President Donald Trump meets with Israeli Prime Minister Benjamin Netanyahu in the Oval Office of the White House in Washington. Credit: Evan Vucci | AP

The Israeli army deployed tanks and additional troops to the border with Gaza on Monday after seven Israelis were injured by a rocket hitting their house near Tel Aviv, an escalation that prompted Prime Minister Benjamin Netanyahu to cut short a visit to Washington.

The Israeli leader, who arrived in Washington on Sunday, announced that he will return to Israel immediately after meeting with President Donald Trump at the White House on Monday morning.

“This was a criminal attack on the State of Israel, and we will respond with force,” said Netanyahu, who is also the defense minister, in a short video clip from Washington. He said he had been briefed by the heads of Israeli security and that he would return to conduct Israel’s response.

The military said it was reinforcing troops in the area with two additional brigades, one infantry and one armored and calling up “a limited number” of reservists for specialist units. It said Hamas, the Palestinian militant group that controls Gaza, was directly responsible for firing the rocket.

Images from the scene of the rocket strike showed the house was badly damaged, its roof caved in. Mika Lifshitz, a military spokeswoman, said that it was hit by a self-manufactured rocket with a range of around 75 miles. She said that Israel’s antimissile protection system, the Iron Dome, protects the area, but could not comment on whether it was deployed.

Netanyahu, who is in the midst of a fierce battle for reelection with Israelis going to the polls in less than 15 days, was also scheduled to give a keynote address at the annual AIPAC policy forum conference on Tuesday morning and participate in a celebratory state dinner with Trump at the White House.

Netanyahu has been criticized in the past by members of his own government coalition for being too soft on Hamas.

In November, he agreed to a mediated cease-fire with the group after a spate of rocket attacks from Gaza toward communities in southern Israel. His political opponents have also criticized Netanyahu’s decision to allow Qatar to deliver $15 million a month into Gaza to pay salaries of Hamas civil servants.

In Gaza, tensions have been high as residents of the impoverished strip, which has been under an Israeli sea and air blockade for more than a decade, have been protesting the extreme poverty and Hamas’s heavy-handed tactics cracking down on unrest. Egypt has also sporadically imposed such restrictions, though has been opened the border crossing with Rafah more frequently over the past year.

This coming Saturday marks one year of weekly deadly protests by Gazans at the border fence with Israel. Dubbed the Great March of Return, the protests were initially intended to help win international recognition of the right of Palestinian refugees to return to their former homes, which sit within Israeli territory and ease restrictions on the Strip.

Hamas had used the march as a tool to ramp up pressure on Israel amid stalled cease-fire talks brokered by Egypt and the United Nations that would have allowed more investment in Gaza. In recent days it has sent flaming balloons into Israel, according to the Israeli military. The group had agreed to stop such actions under an interim deal that allowed the Qatari money into the enclave, which expires in weeks.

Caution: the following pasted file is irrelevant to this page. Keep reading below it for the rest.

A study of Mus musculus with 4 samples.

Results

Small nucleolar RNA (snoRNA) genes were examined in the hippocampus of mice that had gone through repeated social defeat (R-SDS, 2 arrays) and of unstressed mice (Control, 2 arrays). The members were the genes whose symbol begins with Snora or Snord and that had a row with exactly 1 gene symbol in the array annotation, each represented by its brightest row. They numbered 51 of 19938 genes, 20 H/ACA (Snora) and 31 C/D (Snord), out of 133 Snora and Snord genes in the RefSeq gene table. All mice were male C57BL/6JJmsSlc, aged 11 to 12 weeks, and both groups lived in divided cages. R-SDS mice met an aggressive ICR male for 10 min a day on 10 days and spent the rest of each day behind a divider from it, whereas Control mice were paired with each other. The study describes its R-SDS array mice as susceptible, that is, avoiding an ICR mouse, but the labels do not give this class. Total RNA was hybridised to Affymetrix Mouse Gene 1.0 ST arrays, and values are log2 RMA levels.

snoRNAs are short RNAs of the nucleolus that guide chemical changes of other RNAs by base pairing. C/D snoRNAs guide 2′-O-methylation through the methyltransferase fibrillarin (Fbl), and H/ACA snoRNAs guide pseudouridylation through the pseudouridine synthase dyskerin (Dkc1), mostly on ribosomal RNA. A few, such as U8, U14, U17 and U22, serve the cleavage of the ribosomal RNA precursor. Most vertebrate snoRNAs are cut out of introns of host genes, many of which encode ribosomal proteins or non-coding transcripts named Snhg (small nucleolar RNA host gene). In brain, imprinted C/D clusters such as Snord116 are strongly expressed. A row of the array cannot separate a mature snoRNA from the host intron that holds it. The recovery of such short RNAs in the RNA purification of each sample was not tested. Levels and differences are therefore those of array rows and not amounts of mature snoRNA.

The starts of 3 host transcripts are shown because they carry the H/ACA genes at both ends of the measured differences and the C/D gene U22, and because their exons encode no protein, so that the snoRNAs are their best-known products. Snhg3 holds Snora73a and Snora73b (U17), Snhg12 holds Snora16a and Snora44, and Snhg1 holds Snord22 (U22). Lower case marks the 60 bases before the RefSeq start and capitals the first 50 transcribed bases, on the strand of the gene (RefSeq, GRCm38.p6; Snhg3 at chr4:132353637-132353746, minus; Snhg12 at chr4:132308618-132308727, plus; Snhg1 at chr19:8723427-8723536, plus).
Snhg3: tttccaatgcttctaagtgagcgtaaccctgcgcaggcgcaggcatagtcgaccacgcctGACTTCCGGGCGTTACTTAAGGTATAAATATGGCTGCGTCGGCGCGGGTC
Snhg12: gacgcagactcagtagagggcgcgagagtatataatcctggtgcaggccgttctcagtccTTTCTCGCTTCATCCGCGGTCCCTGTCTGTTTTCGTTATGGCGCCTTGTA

But domestic pressure has been building against Hamas, and analysts say the strain increases the need for the militants to deflect attention back toward Israel. In recent weeks protests against the dire living conditions in the Strip have been suppressed by the group, whose security forces have used batons and live ammunition to break up demonstrations.

Roughly 75 percent of Gazans are registered by the United Nations as refugees, descendants of an estimated 750,000 Palestinians who fled or were expelled from their homes when Israel was created in 1948. Many still live in one of Gaza’s eight refugee camps, according to the U.N. assessment.

A recent United Nations report found that some 189 Gazans were killed by Israeli forces during 2018. The U.N. Commission of Inquiry criticized Israel’s rules of engagement in dealing with the protesters and said the majority of the Palestinians killed “did not pose an immediate threat of death or serious injury to others when they were shot.”

Israel has said the protests, which are ongoing, are particularly violent and could act as a cover for Hamas to infiltrate Israel and carry out attacks.

Although rocket launches from Gaza are not unusual, Monday’s rocket strike was the second time this month to target the major city of Tel Aviv. Israel and Hamas fought a 50-day conflict in the summer of 2014.

Of the seven Israelis injured in the house on an agricultural community, three were children and all were members of one family. Israeli media reported that their house will need to be destroyed because it is now no longer safe.

In the hours following the rocket strike, Israel announced that it was closing the main border crossings into the Gaza Strip, a rare move indicating a response will soon be coming.

Earlier this month, following reports of two rockets fired toward Tel Aviv from Gaza, the Israeli military responded by striking more than 100 targets in the coastal Palestinian enclave.

No injuries or damage to properties were reported on March 14 when the two rockets hit near Tel Aviv, but rocket sirens were activated sending thousands of Israelis in the most populous part of the country into bomb shelters.

In a follow-up assessment, the Israeli military said it believed Hamas was responsible, and Israeli media reported later that the army’s initial assessment was that the group launched the rockets by mistake.

Local media reports said Monday’s rocket was also fired by accident. No group has yet claimed responsibility for firing the rocket.